Westminster gaining appetite for more ethnic restaurants

August 05, 2007|By Laura McCandlish | Laura McCandlish,Sun Reporter

The culinary landscape in downtown Westminster is changing.

The city's first Middle Eastern restaurant serves pita sandwiches of roasted chicken shawarma, fried falafel and baba ghanouj.

Diners with a hankering for panang curry and phad Thai will find those dishes at another Main Street restaurant.

Authentic meals like carne asada and chilaquiles verdes con pollo are also popular at a new downtown Mexican spot.

These three new ethnic restaurants that opened along Westminster's Main Street in the past year demonstrate that tastes and demographics are gradually changing in the predominantly white Carroll County seat.

The new spots are not the only options; they join an established Italian grocery that also sells Polish pierogies and kielbasa and a more recent Mexican market on Main Street.

A flood of national chain restaurants along Route 140 and more traditional food offerings still predominate in Westminster. But creating a diverse dining district could lure more residents, workers -- and possibly tourists -- to eat and shop in the more historic downtown, said Stan Ruchlewicz, Westminster's director of economic development.

"Look at what we have to offer: not a chain in sight," Ruchlewicz said while lunching at Semiramis Grill, the new Middle Eastern stand that opened on Main Street in mid-June. "We've just got to promote it, both locally and outside the county."

Opening the kebab shop provided a change of pace for Jim Gabry, an Egyptian immigrant who lives in Montgomery County and had done Internet consulting work.

Gabry, who previously ran a restaurant with his brothers in Virginia, said that Middle Eastern food can appeal to people from a range of cultures.

"What is the only thing Arabs and Israelis agree on? Shawarma," Gabry said, basting the cone of chicken roasting upright on a rotating spit. "That's the reason I came here. If Arabs and Israelis can agree on it, that means the rest of the world can, too."

Ken Myers, a retired accountant who lives two blocks from Semiramis, lunched on a chicken gyro there on a recent Friday. He was one of the few customers sitting at the stand's umbrella-shaded picnic tables, the only available seating at the takeout restaurant.

Semiramis is situated on the corner of a busy intersection, and there aren't many parking spaces nearby, Myers added.

"Is somebody going to walk four blocks to get a kebab when they don't even know what a kebab is?" said Myers, 59. "If they could get a place to park, they might try it."

The homemade falafel lured Janet Medina, a vegetarian, to the Middle Eastern stand. A Columbia resident who teaches at McDaniel College in Westminster, Medina said she appreciates the culinary variety that she has grown accustomed to in Howard County.

"A lot of us are very excited about more ethnic restaurants," Medina, 53, said of her McDaniel colleagues. "Things are growing in this area."

The restaurant market in Westminster has changed substantially since Carroll County Commissioner Dean L. Minnich first moved to town in the early 1960s.

He said he remembers when the first chain restaurants -- McDonald's and then Roy Rogers -- came to town. The recent ethnic venues are just the latest immigrant-run restaurants to open downtown, Minnich added.

Westminster's oldest downtown restaurant, Harry's, is a Main Street staple started by a Greek immigrant family in 1946.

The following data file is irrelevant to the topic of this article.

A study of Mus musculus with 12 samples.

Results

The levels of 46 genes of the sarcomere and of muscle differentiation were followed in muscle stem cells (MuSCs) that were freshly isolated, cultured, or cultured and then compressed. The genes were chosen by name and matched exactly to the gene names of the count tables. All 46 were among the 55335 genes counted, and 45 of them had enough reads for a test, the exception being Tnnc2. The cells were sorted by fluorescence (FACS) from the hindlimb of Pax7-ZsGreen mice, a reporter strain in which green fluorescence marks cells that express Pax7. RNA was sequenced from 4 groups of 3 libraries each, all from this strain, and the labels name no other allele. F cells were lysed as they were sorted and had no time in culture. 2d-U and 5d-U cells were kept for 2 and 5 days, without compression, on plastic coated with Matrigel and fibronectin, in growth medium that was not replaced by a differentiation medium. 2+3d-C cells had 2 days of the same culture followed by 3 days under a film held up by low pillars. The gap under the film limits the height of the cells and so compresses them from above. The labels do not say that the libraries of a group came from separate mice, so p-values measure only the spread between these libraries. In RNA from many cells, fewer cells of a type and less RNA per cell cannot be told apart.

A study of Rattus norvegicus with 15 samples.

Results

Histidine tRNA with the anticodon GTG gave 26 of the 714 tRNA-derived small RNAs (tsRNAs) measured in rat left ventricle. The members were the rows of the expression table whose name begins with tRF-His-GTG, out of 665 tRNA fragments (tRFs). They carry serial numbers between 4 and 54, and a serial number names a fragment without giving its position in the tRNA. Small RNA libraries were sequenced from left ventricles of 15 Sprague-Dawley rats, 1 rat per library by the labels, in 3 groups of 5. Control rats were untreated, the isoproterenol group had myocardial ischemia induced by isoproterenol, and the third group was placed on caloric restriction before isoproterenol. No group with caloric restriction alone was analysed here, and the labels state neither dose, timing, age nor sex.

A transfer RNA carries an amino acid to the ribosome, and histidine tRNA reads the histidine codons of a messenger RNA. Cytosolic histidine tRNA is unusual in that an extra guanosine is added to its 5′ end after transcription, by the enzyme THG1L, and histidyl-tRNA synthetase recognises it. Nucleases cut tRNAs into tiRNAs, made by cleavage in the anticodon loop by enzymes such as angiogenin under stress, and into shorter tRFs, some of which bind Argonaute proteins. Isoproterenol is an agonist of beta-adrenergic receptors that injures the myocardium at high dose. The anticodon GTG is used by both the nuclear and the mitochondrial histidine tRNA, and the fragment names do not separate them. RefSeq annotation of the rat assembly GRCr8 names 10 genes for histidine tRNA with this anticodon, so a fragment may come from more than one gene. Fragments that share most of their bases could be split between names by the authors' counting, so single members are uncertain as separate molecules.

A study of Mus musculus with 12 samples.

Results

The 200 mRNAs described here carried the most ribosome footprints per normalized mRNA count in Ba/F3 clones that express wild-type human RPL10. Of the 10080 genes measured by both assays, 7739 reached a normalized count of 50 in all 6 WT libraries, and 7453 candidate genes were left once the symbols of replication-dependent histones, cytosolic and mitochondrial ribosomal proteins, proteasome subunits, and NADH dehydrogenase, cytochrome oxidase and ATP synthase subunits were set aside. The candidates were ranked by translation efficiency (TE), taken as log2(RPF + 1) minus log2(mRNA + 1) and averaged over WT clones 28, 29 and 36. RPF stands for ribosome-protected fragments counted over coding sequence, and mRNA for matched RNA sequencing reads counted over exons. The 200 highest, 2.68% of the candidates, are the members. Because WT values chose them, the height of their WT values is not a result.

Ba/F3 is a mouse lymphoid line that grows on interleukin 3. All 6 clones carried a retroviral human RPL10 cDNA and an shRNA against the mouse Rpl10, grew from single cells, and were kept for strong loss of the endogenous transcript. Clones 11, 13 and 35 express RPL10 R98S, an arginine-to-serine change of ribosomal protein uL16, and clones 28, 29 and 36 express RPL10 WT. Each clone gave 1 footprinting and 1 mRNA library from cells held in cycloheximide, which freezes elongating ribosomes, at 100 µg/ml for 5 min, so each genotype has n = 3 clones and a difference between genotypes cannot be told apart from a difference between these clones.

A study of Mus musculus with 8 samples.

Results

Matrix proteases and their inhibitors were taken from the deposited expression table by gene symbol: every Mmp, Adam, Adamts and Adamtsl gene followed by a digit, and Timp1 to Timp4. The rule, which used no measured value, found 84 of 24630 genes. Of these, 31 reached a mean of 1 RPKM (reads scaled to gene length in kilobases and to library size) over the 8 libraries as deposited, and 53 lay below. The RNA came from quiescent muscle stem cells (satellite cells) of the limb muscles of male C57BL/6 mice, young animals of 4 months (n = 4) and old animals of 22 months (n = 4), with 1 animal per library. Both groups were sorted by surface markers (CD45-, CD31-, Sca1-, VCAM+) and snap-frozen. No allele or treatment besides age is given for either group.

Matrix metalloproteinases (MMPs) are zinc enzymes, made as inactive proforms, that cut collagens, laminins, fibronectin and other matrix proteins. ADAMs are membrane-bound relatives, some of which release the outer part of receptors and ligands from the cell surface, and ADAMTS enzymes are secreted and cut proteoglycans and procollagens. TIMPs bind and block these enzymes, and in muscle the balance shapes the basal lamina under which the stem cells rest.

"This kind of diversity and activity on Main Street, it's part of a continuing tradition in Westminster," Minnich said.

But attracting a steady stream of customers downtown is a challenge, Ruchlewicz concedes, as rehabilitation efforts aim to fill lingering vacancies.

The state Department of Housing and Community Development offers low-interest loans to help finance the expansion or startup of small businesses, such as restaurants in vacant neighborhood buildings.

Such loans have been used by other restaurants to rehabilitate historic buildings in Westminster, said Kevin Baynes, state coordinator of the Main Street Maryland program.

"It's economic restructuring within the context of historic preservation," Baynes said. "The emergence of restaurants in general is a good way to gauge the health of a Main Street."

Thai Classic III, the restaurant that Surachai Vongvight and his wife, Rachanee Somkhaoyai opened on Main Street, follows other Thai places the extended family runs in Eldersburg and Owings Mills. The sit-down restaurant is busiest during dinner hours, Vongvight said.

But a table of four information technology specialists who work at the nearby Random House distribution center said they lunch at the restaurant every couple of weeks. It's the only place they eat downtown, said Josh Crone, 31, finishing an order of phad Thai with chicken and shrimp.

Jos? Alejandrez, a native of Oaxaca, Mexico, and his wife, Trish, opened Papa Joe's Mexican restaurant in April after closing the deli and hot dog restaurant they ran in the Westminster Antique Mall.

Jos? Alejandrez and his two brothers, David and Armando Alejandrez, have promoted their restaurant within Westminster's growing Hispanic community, which has started congregating there on Saturdays.

But Papa Joe's also attracts American-born residents.

Carol Kolb of Westminster and her friend Elaine Foard of Towson lunched on steak tacos with fresh salsa and guacamole. Filled with seasoned steak strips instead of ground beef, the tacos reminded Foard, 59, of the cuisine she had on a trip to Cancun.

When Kolb, 51, first moved to Westminster 15 years ago, she said lunch spots were few and far between.

"It's great to have this and the other restaurants right on Main Street," Kolb said. "Now we just need one more: a good Indian restaurant."